17 November 2011
We know the Internet has dangers. Everything we put onto the information superhighway should be considered chiseled into marble. Meanwhile, those smartphones that so many of us carry are tantamount to carrying hostile spies in our pockets. If the battery is charged and in the phone, the phone is a homing beacon whether it’s on or off. Now add services such as Facebook, and those excellent phone cameras with geotagging, and there is a combination for disaster.
This has relevancy for our troops in Afghanistan. During certain missions, I would not even take my smartphones. On or off, I did not want to take the chance. Probably made no difference, but it’s better safe than to get our people hurt. It is important that troops make sure that journalists and Interpreters do not take smartphones during certain sorts of missions. Also, if you get blown up, that smartphone might go sailing through the air and be found by the enemy. If they crack into it, they might have a treasure chest. The last unit that I had the honor to cover was 4-4 Cav. They were good about reminding about the smartphones but some other units don’t pay attention.
My Facebook has more than 48,000 readers. They come from just about any country imaginable, and many walks of life. A few days ago, I was browsing through the menus trying to learn more about Facebook, which amounts to a passive intelligence agency of sorts. This is especially true if you have Facebook (or other similar services) on your smartphone.
And so, with my iPhone4s using a Facebook app, I touched the tab called “Nearby.” An incredible amount of “actionable intelligence” scrolled on. One friend was at the Sheraton at the Pentagon. Another was at the Pentagon. I emailed to her and she confirmed. Another was at the VA Hospital in Long Beach. Ruby Tuesday. iHop. Starbucks Fort Polk. Times Square. Pacific Grill. Home sweet home. Octapharma Plasma. China Café. FBI Academy. Tahlequah Dialysis Unit. Columbus State University. AJ’s Pizza. Farelli’s Pizza. Palladium Theatre. Home. Crossroads Christian Church. 24 Hour Fitness – Mission Valley California. The Exchange Hotel.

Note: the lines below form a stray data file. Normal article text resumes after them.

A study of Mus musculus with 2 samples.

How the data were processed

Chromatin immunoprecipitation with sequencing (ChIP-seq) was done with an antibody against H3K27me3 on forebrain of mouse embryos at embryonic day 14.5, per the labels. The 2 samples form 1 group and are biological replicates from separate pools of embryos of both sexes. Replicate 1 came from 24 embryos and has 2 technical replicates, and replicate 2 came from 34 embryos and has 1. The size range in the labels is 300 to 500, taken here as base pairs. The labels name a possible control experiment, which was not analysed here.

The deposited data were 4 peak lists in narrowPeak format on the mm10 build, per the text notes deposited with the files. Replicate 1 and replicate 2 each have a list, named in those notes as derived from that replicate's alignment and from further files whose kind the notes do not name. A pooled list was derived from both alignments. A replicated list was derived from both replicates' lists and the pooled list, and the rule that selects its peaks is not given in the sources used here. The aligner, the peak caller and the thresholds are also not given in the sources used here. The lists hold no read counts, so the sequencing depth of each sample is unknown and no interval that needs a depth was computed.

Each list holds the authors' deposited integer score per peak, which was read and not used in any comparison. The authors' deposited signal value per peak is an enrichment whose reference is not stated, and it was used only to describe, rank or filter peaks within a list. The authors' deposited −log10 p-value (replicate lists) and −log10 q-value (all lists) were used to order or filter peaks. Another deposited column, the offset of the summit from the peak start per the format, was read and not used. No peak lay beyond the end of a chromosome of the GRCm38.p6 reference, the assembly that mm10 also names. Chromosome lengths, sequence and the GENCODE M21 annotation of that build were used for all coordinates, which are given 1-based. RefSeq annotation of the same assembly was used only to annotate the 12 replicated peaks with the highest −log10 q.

And on and on. With my iPhone, I could track their smartphones in real time.
Some people were also typing entries (just got on the train) and they were being tracked. One young Thai woman was typing entries and finally posted she was home at her condo in Bangkok. At the same time, another was 12 time zones away at X-treme Rockclimbing Gym in Miami, Florida.
Touch one button and GoogleMaps instantly appears showing the precise location. Touch one more button and there is a choice: “Open in Maps,” “Get Directions,” “Cancel.”
I scrolled down the list. Numerous people said they were home. Their locators pinpointed their locations. I touched the buttons and saw their locations on Google Earth. And there was one Afghan friend. I could see exactly where he was in Kabul. He is an avowed enemy of the Taliban. They have threatened to kill him. I emailed at once saying to turn that thing off. I know where you are. If he did not email back very quickly, I was going to call. He emailed back, confirmed his location and turned it off.
It’s not enough that we are careful ourselves. If we are tooling around Afghanistan together, and only one of us has not turned off the location service, we are both trackable by anyone. No special gear or warrant is needed. If someone’s child has this option switched on, the whole family is trackable, not to mention that the child is easily trackable in real time everywhere he or she goes.
Finally, onto a different topic. I published this yesterday:
What is Your Vote?
The United States faces greater threats at home than we face in Afghanistan. The Mexican border, for instance, is being described as a war zone. People have been warning about it for years. Over time, I have seriously considered changing focus to the more proximate and bigger threats.
I am ready and willing to change primary focus to the home front. This will require setting up shop and living in a place like Texas or Arizona. Probably Texas.
I am testing the winds. If the funding is there, it will happen. I will move home to America and get to work. If you are willing to support coverage on the home front, this is a situation where money talks. If you vote “Yes, I will support it,” please annotate your vote with a note.
The bottom line question: Will you financially support this coverage? The quality will be high. So will the price.